Freelance writer Tonje Robertsen dissects the Mayan Doomsday prophecy right from the epicentre, the Yucatán peninsula, Mexico: "Some argue that the telltale signs of a world about to go under are already here. The end of this baktun coincides with rare alignments in our solar system, which will not recur for another 26,000 years. There are also signs that the Earth’s magnetic poles are about to swap places. "
BHAVNA PURSWANI trawls through the variegated paradise of Dubai, establishing the courses of human diversity, underlining optimism, and the chameleonic adaptations to old and new traditions: "Take a businessman that works in a modern office in a skyscraper, wears Armani to work and seals a $100,000 deal in English. The same man comes home, eats a traditional Arabic dinner, changes into his kandura and retires for the night to the majlis on his terrace."
Ishmael Annobil introduces the mysteries of night photography to a fomalist photographer (Abiy Mamo) and an Avant Garde filmmaker (William Olivier), rediscovering the joy of film photography and problem solving: "It may be in the way shadows elongate, or the way the asphalt street holds and reflects light like a gemstone; it may even be the keen but soothed timbre of sound, or the wispy wind that strokes your face like the proboscis of a monarch butterfly, but whatever it is, it makes night very complex to capture on film."
Ishmael Fiifi Annobil celebrates Camden Town (“the ultimate kaleidoscope”) and its legendary Camden Market: "The sun seems to stand still at Camden Market, maybe because it favours a sunny dateline for most of its wares. Except, its abundant food fare is mainly Far Eastern, Chinese, Japanese and Taiwanese, and some Indian and North African – what else?"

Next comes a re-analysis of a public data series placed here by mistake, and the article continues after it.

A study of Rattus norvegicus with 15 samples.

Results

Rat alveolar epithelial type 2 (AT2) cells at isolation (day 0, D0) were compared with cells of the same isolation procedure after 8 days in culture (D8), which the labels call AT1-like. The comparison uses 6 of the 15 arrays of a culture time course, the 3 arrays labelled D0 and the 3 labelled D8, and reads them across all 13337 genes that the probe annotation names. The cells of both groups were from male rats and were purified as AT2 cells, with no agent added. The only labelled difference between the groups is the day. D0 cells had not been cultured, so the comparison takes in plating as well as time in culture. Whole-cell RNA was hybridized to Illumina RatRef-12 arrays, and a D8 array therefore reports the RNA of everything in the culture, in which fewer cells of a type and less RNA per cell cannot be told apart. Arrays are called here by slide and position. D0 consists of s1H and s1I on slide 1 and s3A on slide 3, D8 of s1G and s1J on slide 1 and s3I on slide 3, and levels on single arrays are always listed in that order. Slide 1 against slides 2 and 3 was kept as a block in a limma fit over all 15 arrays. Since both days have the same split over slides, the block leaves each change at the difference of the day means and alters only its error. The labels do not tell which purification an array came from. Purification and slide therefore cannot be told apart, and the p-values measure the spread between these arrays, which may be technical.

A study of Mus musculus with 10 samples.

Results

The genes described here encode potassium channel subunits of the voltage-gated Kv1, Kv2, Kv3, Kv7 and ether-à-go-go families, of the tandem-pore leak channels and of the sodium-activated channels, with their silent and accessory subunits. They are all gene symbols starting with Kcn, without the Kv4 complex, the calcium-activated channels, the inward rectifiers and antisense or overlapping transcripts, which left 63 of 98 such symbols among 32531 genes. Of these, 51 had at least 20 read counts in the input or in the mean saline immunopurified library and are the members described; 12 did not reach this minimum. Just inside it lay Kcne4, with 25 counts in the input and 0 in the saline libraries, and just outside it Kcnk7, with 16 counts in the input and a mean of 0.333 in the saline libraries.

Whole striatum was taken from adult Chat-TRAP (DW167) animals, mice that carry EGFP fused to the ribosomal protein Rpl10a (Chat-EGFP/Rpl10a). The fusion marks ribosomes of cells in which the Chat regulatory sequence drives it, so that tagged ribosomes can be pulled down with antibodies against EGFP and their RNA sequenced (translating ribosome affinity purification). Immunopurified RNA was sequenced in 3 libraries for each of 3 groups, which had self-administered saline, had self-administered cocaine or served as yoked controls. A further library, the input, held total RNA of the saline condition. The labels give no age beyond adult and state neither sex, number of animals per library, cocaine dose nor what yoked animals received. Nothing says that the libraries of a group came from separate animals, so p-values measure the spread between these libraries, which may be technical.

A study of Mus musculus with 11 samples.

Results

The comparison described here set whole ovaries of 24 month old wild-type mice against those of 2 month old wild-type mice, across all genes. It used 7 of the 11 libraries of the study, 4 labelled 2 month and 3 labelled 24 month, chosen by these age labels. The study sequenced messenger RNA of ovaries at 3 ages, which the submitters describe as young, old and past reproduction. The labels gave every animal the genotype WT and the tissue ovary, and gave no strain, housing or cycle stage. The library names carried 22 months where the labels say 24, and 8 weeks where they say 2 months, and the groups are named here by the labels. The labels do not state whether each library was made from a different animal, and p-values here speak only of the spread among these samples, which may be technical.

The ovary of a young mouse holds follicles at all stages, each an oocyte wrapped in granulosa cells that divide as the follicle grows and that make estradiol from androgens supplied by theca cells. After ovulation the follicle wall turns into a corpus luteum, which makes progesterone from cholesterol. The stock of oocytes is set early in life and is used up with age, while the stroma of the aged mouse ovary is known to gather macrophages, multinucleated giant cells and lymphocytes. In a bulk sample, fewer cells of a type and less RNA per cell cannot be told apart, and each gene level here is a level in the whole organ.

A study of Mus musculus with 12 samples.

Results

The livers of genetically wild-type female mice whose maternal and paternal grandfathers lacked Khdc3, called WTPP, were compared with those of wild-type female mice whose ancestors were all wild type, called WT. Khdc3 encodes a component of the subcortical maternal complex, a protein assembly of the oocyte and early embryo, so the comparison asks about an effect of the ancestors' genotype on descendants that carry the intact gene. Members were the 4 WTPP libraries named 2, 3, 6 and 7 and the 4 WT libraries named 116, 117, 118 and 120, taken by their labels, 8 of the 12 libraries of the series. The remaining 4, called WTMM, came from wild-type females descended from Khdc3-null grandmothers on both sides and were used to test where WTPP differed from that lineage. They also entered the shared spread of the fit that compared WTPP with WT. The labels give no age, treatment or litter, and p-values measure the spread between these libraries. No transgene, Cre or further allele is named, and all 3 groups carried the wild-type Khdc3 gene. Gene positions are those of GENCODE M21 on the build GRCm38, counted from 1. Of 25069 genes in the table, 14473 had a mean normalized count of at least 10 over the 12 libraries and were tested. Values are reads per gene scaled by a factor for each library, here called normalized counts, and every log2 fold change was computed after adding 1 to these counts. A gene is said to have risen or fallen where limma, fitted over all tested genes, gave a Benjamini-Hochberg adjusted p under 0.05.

Aakriti Kaushik recounts her astonishing first-hand experience of female infanticide in Deorala, a small town in the western desert state of Rajasthan, fifteen years after an 18-year old woman was forced to burn herself alive on the death of her husband: "and, still, there are places like these where a girl is looked upon as a burden on the family, as just another expense. Be it a few minutes old baby or a few years old woman, life treats her inhumanly all the time."
Rose Sher explores the post-red-curtain Prague and pays homage to the spirit of the place, people and a contemporary icon of resistance, and "Lest I forget, e also embraced Prague’s nightclubs, which don’t start get crowded until after 1 a.m; we were slightly shocked by the provocative female dancers in RadostXF - Prague’s poshest club - which played only techno and house music and was full of good-looking Europeans."
Part I of Ishmael Fiifi Annobil's remarkable road journey to and from the Sudan, in the early 80's, predicting Sudan's protracted civil war, while chronicling the dire socio-economic and political catalysts of that struggle. After six long months of dissillusionment, and fear of war, he hitches a ride to Kenya, using the long road journey to reflect on the people he was leaving behind, the political brigandry of its Sudan's Islamic rulers to the the north, and bemoaning the near-apocalyptic reality of the Southern Sudan. This segment was first published in 1983.
Part II of Ishmael Fiifi Annobil's remarkable road journey to and from the Sudan, in the early 80's, chronicling the dire socio-economic and political catalysts of Sudan's protracted civil war. He uses his long road journey out of the troubled country to reflect on the people he was leaving behind, the political brigandry of its Islamic rulers to the the north of the vast land, and bemoan the looming, near-apocalyptic reality of the Southern Sudan. This second segmant was first published in 2000.
Correspondent Bhavna Purswani takes a stylised picnic in the Dunes of Dubai: "As we were led into the open air arena of the Al Hadeera* Restaurant, by a local man in traditional dress, I saw my partner’s face echoing my thoughts. After ninety minutes on the road, with nothing around us but desert, and mice with death wishes periodically streaking across the tar, this had better be good."